Su-57 fighter aircraft (Image:United Aircraft Corp.)
Russian fifth generation fighter aircraft (FGFA) Su-57 will for the first time perform flights during the ARMY 2018 event near Moscow next week.
The Su-57 is the production version of the FGFA previously designated as PAK-FA or T-50. The Russian Aerospace Forces have ordered 12 of the aircraft. A pair of Su-57 were earlier deputed to Syria ostensibly to test their electronic systems in combat conditions.
The Su-57 comes equipped with the first stage engine which opened the path to the serial production of the FGFA. A second stage engine, having the ability to super-cruise (fly at super-sonic speed without fuel-guzzling after-burners) is being flight-tested and is in advanced development.
Su-57 is equipped with an entirely new set of deeply-integrated avionics featuring a high level of controlled automation and intelligent crew support. This considerably reduces the pilots workload and allows the pilot to concentrate on tactics. The avionics of the new airplane enable real-time data exchange with both ground-based control systems and within air groups, and also support off-line operation.
NIIP's Byelka AESA radar for the Su-57 on display at the 2009 MAKS airshow (Image: Wikipedia)
Some of the highlights of the aircraft are:
six internal and six external hardpoints for a variety of missiles and bombs for all possible requirements
top speed up to Mach 2
X-band AESA radar giving an excellent situation awareness
L-band AESA radar for target identification
State-of-art infra-red search and track (IRST) system capable of identifying objects through their heat signature much beyond the radars range
Integration of the avionics suite with an information control system (ICS)
Himalaya onboard defense system which not only performs jamming but also acts as a radar
Extremely low radar signature, optical and infrared visibility
According to the Concern Radio-Electronic Technologies (CRET), which integrates major Russian developers and producers of the military aviation radio electronic systems, Su-57 can be viewed as a ‘flying robot, where the pilot becomes only one of the integral parts of the aircraft. This means that his reaction is already included into the overall control network
AL-41-1C engine (Image: United Engine Corp.)
Su-57 that will fly at ARMY 2018 will be fitted with AL-41F1 engine developed by Moscow-based Development Design Bureau named after A.M. Lyulka (part of the United Engine Corporation) which is credited with creation powerplants for all Sukhoi combat jet aircrafts, including AL-31FP powering IAFs Su-30MKIs. The work on the engine lasted about 14 years. The milestone was the first Su-57 flight in 2010. Today finally the work is over, and AL-41F1 in 2018 has successfully passed the state bed tests, which makes possible its serial production, which also means the serial production of Su-57 itself.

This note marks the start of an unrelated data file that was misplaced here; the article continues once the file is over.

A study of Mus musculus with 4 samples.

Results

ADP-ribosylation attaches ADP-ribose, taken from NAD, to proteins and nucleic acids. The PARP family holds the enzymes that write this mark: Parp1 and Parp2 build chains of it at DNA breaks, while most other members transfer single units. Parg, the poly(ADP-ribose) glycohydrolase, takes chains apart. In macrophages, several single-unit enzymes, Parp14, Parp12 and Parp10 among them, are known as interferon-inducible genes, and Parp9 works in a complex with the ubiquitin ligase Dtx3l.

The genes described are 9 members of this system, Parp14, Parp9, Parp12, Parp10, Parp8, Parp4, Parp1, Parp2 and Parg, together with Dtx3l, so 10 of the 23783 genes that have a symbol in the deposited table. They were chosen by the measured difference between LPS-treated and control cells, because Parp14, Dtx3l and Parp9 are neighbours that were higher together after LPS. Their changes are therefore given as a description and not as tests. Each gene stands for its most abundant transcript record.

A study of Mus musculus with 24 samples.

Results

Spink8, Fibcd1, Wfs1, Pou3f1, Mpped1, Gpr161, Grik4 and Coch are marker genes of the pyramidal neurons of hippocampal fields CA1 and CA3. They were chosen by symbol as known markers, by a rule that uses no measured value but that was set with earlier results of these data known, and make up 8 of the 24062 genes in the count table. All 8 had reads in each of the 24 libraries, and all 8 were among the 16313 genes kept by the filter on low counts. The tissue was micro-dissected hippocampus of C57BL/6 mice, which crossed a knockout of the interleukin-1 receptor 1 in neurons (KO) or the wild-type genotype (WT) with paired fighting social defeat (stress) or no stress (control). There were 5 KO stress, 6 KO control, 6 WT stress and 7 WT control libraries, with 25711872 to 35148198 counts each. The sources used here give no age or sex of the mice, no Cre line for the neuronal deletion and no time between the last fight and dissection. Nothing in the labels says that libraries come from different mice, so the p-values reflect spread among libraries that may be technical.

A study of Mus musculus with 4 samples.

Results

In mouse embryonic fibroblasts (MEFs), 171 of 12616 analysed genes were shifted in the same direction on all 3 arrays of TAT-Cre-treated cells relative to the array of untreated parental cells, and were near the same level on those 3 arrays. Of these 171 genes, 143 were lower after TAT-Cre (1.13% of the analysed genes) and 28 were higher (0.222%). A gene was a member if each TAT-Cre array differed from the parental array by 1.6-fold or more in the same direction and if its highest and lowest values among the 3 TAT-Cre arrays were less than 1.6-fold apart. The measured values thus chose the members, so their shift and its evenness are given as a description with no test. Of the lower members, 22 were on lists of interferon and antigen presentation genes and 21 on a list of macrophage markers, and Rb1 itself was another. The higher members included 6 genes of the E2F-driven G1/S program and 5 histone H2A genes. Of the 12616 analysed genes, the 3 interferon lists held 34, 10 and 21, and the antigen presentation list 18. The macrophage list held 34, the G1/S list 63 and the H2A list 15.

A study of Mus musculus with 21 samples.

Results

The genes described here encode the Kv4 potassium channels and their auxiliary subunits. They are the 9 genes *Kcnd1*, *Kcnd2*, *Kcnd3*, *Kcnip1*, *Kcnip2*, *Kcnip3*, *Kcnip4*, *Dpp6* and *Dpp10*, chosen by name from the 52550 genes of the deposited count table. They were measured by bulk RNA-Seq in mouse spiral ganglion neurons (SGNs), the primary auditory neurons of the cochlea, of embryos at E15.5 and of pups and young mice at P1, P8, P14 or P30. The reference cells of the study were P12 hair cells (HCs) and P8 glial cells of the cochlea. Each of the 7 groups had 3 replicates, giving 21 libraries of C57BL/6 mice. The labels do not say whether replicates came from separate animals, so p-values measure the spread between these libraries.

But meanwhile another project is hurrying up – Su-57 is going to get the 2nd stage engine currently known as Izdelie-30. It will considerably increase the performance of Su-57.
In December 2017 the first flight of Su-57 with a new engine took place in Zhukovsky air base near Moscow thus starting the flight test. As the United Engine Corporation reported, the in-flight working time of the new engine was 17 minutes, overall working time – 37 minutes.
This engine is considered the most cutting-edge engine in Russian aviation history. Some of its features, though not officially confirmed include:
The most up-to-date technologies and materials are used, which allows reaching the requirements for a fifth generation power-plant
Increasing the specific thrust gives a plane the so-called super-sonic cruising speed.
The fuel efficiency has risen due to the drop in the level of the specific fuel consumption.
The power-plant has an integrated intelligent control system which provides real-time performance information to the pilot.
AL-41F-1S Engine on display at MAKS-2015 (Image: UEC)
Su-57 and India
For India the development of Su-57 is of special interest as New Delhi has already invested in the project design stage for the export version of the Su-57. In the background of a dwindling fleet, India is set to receive Dassault Rafale jets and increase the numbers of Su-30MKI jets. Thus India will be gradually getting more of the new fourth generation aircraft while China would be rapidly operationalizing its J-20 and FC-31 fifth generation aircraft. The Chinese media also reported that FC-31could be exported to Pakistan.
According to media reports, India has dropped from the FGFA development program but has kept the option open for buying the Su-57 when the aircraft is ready for export. The Su-57 acquisition will also help India gain firsthand experience with the FGFA and help in the development of its own Advanced Medium Combat Aircraft (AMCA).